Drug Shows Promise in Animal Model of Alzheimer’s and Parkinson’s With Dementia

New research presented in October at the 6th Neurodegenerative Conditions Research and Development Conference in San Francisco demonstrates the role of the investigational compound IRX4204 in alleviating cognitive decline in animal models of Alzheimer’s disease (AD). The presentation entitled “Investigation of the RXR-specific agonist IRX4204 as a Disease Modifying Agent of Alzheimer’s Disease Neuropathology and Cognitive Impairment” was made by lead researcher Giulio Maria Pasinetti, MD, PhD, of the Mount Sinai School of Medicine in New York City.

This microscope image shows blood vessels in the brain of mouse (green) surrounded by amyloid beta peptides (red), a component of the amyloid plaques found in the brains of Alzheimer’s patients. Salk researchers found that these peptides accumulate in the brains of diabetic and aged mice, a finding that may help explain the connection between diabetes and Alzheimer’s. (Credit: Courtesy of the Salk Institute for Biological Studies)

IRX4204 is a retinoid X receptor (RXR) agonist, meaning it stimulates the retinoid receptor in the brain.The data demonstrates attenuation of AD including prevention of plaque deposits associated with cognitive deterioration in an IRX4204-treated mouse model genetically determined to develop AD. IRX4204 also prevents neuropathological features associated with abnormal tau processing, another form of abnormal protein also found in a form of Parkinson’s disease associated with dementia.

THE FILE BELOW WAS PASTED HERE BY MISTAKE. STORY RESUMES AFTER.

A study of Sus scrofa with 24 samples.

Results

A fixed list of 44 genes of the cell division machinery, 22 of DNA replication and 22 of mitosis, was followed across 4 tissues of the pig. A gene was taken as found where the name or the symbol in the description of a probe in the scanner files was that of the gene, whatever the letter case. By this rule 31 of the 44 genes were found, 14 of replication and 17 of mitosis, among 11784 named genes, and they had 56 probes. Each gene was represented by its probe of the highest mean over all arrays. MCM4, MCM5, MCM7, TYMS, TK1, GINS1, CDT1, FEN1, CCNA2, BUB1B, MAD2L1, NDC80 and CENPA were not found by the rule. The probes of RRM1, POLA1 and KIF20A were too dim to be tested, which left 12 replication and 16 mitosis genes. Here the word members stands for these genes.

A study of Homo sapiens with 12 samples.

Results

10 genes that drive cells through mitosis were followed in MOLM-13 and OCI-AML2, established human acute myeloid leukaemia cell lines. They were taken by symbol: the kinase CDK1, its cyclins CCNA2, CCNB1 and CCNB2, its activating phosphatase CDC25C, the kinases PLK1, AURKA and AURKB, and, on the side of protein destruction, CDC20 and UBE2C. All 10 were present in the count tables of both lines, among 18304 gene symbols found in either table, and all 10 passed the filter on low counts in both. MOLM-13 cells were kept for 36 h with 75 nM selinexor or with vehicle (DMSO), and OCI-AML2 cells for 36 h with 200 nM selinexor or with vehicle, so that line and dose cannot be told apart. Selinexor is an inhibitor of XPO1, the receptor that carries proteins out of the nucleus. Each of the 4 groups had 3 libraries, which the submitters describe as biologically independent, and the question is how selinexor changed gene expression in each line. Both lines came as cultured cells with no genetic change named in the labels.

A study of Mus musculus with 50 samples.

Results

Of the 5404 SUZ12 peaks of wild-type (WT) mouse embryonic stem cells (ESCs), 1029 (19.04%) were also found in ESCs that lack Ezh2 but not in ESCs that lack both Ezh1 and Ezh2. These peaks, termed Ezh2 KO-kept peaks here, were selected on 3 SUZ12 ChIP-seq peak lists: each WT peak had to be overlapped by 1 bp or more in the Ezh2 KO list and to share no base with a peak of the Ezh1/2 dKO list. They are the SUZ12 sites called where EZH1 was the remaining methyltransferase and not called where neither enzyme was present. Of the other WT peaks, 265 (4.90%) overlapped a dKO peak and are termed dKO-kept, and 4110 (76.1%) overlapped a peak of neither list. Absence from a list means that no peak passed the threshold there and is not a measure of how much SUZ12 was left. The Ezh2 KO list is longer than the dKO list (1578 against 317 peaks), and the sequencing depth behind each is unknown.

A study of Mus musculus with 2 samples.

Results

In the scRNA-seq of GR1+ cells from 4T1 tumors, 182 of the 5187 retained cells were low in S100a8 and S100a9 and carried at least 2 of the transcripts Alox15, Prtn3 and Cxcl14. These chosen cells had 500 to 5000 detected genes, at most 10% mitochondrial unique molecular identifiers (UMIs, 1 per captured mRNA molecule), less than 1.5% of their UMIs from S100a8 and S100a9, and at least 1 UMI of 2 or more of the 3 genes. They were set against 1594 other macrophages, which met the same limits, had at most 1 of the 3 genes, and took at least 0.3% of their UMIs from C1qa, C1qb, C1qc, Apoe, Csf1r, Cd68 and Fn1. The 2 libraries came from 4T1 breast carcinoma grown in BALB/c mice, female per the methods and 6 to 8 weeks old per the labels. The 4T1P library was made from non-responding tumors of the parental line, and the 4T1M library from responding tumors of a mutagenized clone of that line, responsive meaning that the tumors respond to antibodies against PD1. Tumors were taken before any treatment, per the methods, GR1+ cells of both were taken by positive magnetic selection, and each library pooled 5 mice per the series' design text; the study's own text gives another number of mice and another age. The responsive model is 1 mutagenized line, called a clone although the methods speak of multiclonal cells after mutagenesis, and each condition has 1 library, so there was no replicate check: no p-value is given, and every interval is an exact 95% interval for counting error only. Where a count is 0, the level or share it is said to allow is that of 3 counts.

“The treatment of AD remains a serious unmet medical need which IRX4204 may be able to address,” Dr. Pasinetti said “Our research show that IRX4204 and other RXR agonists have potential for slowing, and possibly reversing pathology and cognitive deficits in Alzheimer’s disease patients.”

Ongoing translational studies in subjects with Alzheimer’s disease and Parkinson’s disease with dementia are currently being developed.

Alzheimer’s disease currently afflicts more than 5 million Americans and may triple in prevalence to more than 16 million Americans by 2050, according to data from The Alzheimer’s Association.